Tuesday, March 10, 2009

22 Days to the Level 3 Exam, Training in POW, glad to have Squatty, Kurt and Megan in my Brain!

WOW, the last three days have been EPIC! Laps and laps and laps in the powder with the beautiful and talented Angela Patnode, eating lunch on the chair out of the backpack, skiing till my legs are jelly. JELL-O.

Talking through the mechanics and kinestheic cues to skiing deep powder every night with Kurt, bugging Angela on the chair, (Yes, but what do you feel?), emailing with awesome coach of doooom and powder skier extraordinare Squatty Schuller.

I am so very literal, I tried to explain to Kurt tonight just what my "learning style" is. And I came up with this example. When I was trying to add a rotation to my axle jump, when I was skating, I knew that I needed to swing my free leg all the way through, have a certain ammount of explosive power off the knee, calf and toe, and pull my arms in tight and fast to spin faster.

But I could only add a 1/4 rotation to the jump. Which, as you can imagine, was very painful! I worked hard for MONTHS, and couldn't but occasionally add more than just a titch of rotation to the whole thing. It was not for a lack of hucking myself in the air and committing to the jump, not being afraid to fall, that's for sure!

What was missing was the literal explanation that you have to swing your free leg through powerfully, but you have to wait for the full range of the swing BEFORE you explode off your take off leg. You need the mass of your free leg to pull you up, so that you are in the air long enough to rotate as fast as you can.

As SOON as I understood this, I landed the jump. That day.

So we were talking about overthinking skiing today, and I guess that I find my way to the basic mechanics through overthinking, its hard for me to add or change a movement unless I know how to do it and WHY I am doing it, what is the desired result, not just in the drill, but in my skiing? What are we trying to change, and WHY?

And once I get that, I can go away and work on my own for quite a while, because I know what I am reaching for. I can experiment with it, play with it, think about it, write about it, read about it, ski it. Then, I can come back with some questions that are relevant to the technical aspects of fine tuning it, and have a fun, geeky conversation about the theories behind it.

So powder skiing has been the hardest thing for me, because I don't do it that much, and I haven't been skiing that long! And last year, I heard "bounce" and "reach in to the fall line with your feet" and "Don't finish your turns as much" and "Keep your bdy in the fall line, facing down hill..."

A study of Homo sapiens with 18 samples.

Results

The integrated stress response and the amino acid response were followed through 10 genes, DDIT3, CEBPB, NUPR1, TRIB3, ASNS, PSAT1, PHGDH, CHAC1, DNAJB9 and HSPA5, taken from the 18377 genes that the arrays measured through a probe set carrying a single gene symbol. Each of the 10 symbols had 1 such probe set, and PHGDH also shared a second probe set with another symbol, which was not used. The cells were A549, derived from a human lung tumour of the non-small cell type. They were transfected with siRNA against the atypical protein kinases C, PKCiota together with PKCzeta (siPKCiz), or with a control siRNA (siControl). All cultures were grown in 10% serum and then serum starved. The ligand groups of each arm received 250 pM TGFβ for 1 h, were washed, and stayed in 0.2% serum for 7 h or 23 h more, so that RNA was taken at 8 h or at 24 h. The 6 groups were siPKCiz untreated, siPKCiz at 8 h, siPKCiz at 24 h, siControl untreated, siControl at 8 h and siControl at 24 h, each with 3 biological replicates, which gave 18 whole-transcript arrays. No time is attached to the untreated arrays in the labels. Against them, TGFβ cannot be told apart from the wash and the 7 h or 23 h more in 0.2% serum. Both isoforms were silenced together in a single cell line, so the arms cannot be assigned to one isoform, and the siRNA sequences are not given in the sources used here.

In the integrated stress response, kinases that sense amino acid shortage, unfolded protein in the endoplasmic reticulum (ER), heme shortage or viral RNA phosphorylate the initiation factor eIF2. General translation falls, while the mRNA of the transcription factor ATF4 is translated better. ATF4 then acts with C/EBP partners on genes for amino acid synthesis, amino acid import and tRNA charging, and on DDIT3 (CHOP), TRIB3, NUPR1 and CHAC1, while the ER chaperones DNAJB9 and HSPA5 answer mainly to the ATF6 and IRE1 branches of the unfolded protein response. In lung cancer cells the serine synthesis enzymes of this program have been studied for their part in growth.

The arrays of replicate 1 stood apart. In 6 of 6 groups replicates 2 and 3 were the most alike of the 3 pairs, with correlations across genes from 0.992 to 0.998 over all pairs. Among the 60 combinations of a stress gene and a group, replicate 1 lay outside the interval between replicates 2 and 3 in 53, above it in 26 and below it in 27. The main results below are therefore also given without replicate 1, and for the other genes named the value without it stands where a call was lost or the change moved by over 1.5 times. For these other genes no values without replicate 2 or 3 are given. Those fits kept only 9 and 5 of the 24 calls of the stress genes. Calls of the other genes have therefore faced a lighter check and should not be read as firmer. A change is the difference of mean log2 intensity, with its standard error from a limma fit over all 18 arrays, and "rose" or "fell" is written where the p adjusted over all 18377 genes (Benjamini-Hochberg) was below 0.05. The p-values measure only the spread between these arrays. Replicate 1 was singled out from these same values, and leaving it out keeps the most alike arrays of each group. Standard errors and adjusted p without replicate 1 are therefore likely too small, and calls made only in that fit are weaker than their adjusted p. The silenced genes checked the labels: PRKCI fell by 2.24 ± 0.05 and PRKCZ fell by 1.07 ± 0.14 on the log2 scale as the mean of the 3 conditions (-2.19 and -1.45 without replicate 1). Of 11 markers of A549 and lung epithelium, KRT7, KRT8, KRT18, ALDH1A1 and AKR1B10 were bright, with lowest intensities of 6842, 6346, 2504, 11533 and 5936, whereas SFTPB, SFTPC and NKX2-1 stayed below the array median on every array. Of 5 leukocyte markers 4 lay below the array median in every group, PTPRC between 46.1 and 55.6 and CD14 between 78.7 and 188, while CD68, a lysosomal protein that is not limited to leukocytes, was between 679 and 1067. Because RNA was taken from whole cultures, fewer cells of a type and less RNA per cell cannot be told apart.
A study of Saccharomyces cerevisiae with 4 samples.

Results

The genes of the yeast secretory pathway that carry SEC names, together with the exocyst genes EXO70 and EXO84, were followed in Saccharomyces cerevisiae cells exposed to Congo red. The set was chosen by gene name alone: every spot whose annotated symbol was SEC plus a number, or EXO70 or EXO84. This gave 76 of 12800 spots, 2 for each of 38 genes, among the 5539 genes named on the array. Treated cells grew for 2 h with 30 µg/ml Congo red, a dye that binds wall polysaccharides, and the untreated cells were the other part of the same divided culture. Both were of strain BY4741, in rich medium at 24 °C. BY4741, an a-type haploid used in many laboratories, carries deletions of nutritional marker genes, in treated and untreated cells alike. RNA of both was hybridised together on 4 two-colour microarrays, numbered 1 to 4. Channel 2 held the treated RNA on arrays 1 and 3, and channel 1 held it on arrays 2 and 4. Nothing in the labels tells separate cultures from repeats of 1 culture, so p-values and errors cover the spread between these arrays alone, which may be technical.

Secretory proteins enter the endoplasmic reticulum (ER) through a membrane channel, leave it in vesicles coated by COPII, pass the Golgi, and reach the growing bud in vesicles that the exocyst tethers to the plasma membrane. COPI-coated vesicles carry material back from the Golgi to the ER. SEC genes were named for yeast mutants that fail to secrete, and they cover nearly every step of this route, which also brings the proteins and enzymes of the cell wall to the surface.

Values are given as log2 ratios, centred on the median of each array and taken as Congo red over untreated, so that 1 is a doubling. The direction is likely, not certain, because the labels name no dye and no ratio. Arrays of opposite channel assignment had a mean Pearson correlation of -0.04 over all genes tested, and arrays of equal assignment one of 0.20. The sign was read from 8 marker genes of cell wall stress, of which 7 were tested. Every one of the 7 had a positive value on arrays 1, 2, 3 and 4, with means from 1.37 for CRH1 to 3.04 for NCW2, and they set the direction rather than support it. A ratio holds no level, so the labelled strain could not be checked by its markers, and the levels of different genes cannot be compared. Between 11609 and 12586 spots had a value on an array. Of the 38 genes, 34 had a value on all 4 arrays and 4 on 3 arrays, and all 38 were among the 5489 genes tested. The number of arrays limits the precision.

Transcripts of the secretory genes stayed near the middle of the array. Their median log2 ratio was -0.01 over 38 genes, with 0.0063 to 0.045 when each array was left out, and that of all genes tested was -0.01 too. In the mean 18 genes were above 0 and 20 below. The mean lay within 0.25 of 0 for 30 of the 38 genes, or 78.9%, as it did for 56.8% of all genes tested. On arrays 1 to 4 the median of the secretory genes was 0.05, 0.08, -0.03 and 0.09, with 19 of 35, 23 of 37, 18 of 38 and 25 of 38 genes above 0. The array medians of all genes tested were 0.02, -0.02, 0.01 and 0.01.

Which was all very well and good, but I still couldn't figure out how to get my skis to turn, and especially how to get them to turn quickly enough to avoid trees and objects without doing it from the back seat, which is painful on my leg bones to the xtreme!

Squatty took me out into the powdery bumps last year and taught me to bounce and to feel reaching with the feet and retraction of the legs by having my legs steer around the bumps while my body traveled over them. Then, we went out into the Highlands Bowl, and I felt the "bounce" for the first time ever. It was awesome, it was easy. I only felt totally out of control every fourth or fifth turn.

This year, I'm on powder boards for the first time (Well, I guess technically they are Big Mtn skis, as powder boards are lighter and floppier), and its taken some getting used to. I finally cornered Angela and was like, "Explain what you feel, step by step, as you make a powder turn." She, like just about everyone else when I ask this question, was like, "Um, what do you mean?"

"What you feel, as you feel it, if you could only describe it. Like, what do you do, one step at a time, what do you feel as you make a turn in this kind of powder on that steep of slope?"

And she totally clicked it all together for me! She said she gets some speed, and then compresses the snow, and sort of jumps off that compression, twisting her skis slowly across the fall line (but not very far across), while they are light, then compresses or stomps or hits again, and then bounces off of that. This made SO much sense to me, I had been wondering about how to steer when there is nothing to steer off of, nothing to push on, last year, and Squatty had turned on the lights by telling me to steer off of whatever I had in the powder at that moment.

So the combo of these two got me bouncing again. And then on the next day, when we hooked up with Lonnie Ball and his rippin' wife, Mary, I worked on it, just feeling the stomp, and turning with a big up unweight, and it worked! Better on stuff less than 30 degrees, not as well in the steeps, but I need mileage now.

Now I feel like I have some concept of what I'm trying to do, but still, controlling speed with turn-shape without getting into huge sweeping turns accidentally is still a puzzler to me. I think it will come with some laps, though. What a week!

Now, completely swamped. Trying to do MA every day, study Ron Le'Master's book again, email with my mentors, ask my examiners, get out there and ski hard, and drill tasks, keep my massage obligations, and catch up on weeks and weeks of homework (I have three make up exams on Monday). Things are falling out of my brain that I need to do, despite being really organized. The time just isn't there.

Decided not to ski every single available moment this week so I can cross some stuff off my list and feel sane as the exam approaches. Can't wait for Squatty and Weems to come visit for ESA at the end of March! And Brent Amsbury is coming too! WOW how fun will THAT week be? I think its the week of the exam, and it would be amazing to have those guys out here to play with!

Thanks for all the great playtime, Angela! And thanks for the pics, Lonnie!!